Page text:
The Boston College Law School Amicus Clinic played a key role in the preparation of an amicus brief that urged the Massachusetts Supreme Judicial Court (SJC) to restore the salary of a Newton district court judge who the court had summarily suspended without pay following her federal indictment for allegedly aiding an undocumented immigrant in the courtroom evade arrest by ICE last spring.
Upon reconsideration of its previous decision, the SJC, in a rare reversal, reinstated Judge Shelley Joseph’s salary and benefits on August 13, including restoration of the payments withheld under the original order.
“In turbulent times,” Chief Justice Ralph Gants wrote for three justices, “the risk of being stripped of a paycheck may have a chilling effect on a judge’s willingness to challenge the conduct of a prosecutor and thereby diminish the overall independence of the judiciary, even if the judge were confident that he or she ultimately would prevail at trial if the prosecutor were to bring criminal charges against him or her.”
Two additional justices concurred in the decision, emphasizing the risk to judicial independence posed by the particular facts in this case. Although the court found it unnecessary to reach constitutional issues raised by the case, it exercised its supervisory powers to reach the result urged by the amicus brief.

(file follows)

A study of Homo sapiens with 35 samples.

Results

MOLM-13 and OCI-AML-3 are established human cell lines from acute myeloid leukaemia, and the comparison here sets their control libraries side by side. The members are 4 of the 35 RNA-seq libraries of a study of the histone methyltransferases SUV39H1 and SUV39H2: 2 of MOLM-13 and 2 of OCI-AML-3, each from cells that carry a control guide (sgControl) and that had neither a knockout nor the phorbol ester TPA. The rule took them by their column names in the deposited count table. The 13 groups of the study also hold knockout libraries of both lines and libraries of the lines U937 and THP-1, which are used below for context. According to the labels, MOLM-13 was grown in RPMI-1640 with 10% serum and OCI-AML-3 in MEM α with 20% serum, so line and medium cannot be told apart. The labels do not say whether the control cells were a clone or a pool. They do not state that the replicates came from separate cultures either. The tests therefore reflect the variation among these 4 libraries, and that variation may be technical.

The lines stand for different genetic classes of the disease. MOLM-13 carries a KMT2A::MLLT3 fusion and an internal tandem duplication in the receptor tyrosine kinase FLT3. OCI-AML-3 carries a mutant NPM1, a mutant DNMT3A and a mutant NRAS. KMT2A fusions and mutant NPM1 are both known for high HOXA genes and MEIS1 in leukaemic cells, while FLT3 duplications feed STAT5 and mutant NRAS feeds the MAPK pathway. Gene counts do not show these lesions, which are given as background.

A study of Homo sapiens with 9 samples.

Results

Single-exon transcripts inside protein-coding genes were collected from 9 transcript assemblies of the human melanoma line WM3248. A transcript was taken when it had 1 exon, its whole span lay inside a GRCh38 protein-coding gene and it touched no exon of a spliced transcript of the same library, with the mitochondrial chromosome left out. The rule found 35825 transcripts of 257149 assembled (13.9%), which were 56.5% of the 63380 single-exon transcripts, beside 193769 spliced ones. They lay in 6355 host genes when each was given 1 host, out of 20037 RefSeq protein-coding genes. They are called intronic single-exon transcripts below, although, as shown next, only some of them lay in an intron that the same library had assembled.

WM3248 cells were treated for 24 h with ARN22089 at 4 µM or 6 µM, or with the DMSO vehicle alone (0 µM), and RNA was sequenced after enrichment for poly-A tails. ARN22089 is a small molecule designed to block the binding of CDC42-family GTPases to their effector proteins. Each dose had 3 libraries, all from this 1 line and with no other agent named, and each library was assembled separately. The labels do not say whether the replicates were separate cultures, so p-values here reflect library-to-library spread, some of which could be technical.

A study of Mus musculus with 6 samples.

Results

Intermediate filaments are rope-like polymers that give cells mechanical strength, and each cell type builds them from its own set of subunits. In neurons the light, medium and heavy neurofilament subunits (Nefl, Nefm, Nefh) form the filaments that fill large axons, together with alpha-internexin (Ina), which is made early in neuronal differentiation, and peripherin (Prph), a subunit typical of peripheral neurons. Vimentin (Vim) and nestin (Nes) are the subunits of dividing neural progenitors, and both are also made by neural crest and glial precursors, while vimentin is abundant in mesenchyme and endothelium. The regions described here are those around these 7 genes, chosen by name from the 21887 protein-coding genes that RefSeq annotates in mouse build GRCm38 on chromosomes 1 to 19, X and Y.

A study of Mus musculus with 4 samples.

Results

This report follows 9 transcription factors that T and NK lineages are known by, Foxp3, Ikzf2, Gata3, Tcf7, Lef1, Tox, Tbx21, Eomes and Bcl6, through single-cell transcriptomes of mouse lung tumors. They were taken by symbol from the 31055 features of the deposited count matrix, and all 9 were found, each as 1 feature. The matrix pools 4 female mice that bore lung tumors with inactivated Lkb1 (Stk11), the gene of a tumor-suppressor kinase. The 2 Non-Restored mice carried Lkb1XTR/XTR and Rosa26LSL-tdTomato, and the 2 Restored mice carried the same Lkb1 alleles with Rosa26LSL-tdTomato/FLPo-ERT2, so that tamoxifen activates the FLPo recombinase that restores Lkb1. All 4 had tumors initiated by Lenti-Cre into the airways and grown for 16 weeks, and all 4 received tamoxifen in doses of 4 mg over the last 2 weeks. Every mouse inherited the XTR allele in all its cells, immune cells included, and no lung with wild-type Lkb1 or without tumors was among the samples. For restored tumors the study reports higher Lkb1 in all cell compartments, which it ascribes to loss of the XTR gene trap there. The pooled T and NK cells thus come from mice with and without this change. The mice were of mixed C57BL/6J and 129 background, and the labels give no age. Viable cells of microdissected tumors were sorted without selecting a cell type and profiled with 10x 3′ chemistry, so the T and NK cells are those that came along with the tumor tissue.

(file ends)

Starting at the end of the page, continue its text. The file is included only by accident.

The brief was filed on behalf of the Massachusetts Bar Association, Women’s Bar Association, and Massachusetts. Academy of Trial Attorneys. It was prepared in an expedited timeframe by BC Law professors Thomas Carey ’65 (above) and Mark Brodin, and legal librarian Karen Breda, with the invaluable assistance of students Sean Attwood ’20, Annika Conrad ’20, Kevin Federation ’20, and Katherine King ’21.
This is the third time the BC Law clinic has submitted a brief to the court since the clinic was established in 2017, and the third time the court’s decision has reached the result advocated in the clinic’s brief.
The Amicus Brief Clinic is a “pop-up” or temporary clinic that runs for a very short period of time and for a specific purpose. Faculty identify an important legal issue being considered or soon to be considered by a court, then guide a small student team in the process of researching, writing, editing, and submitting an amicus brief to the court for its consideration.
Read the brief, the SJC’s order, and a related article in The Heights.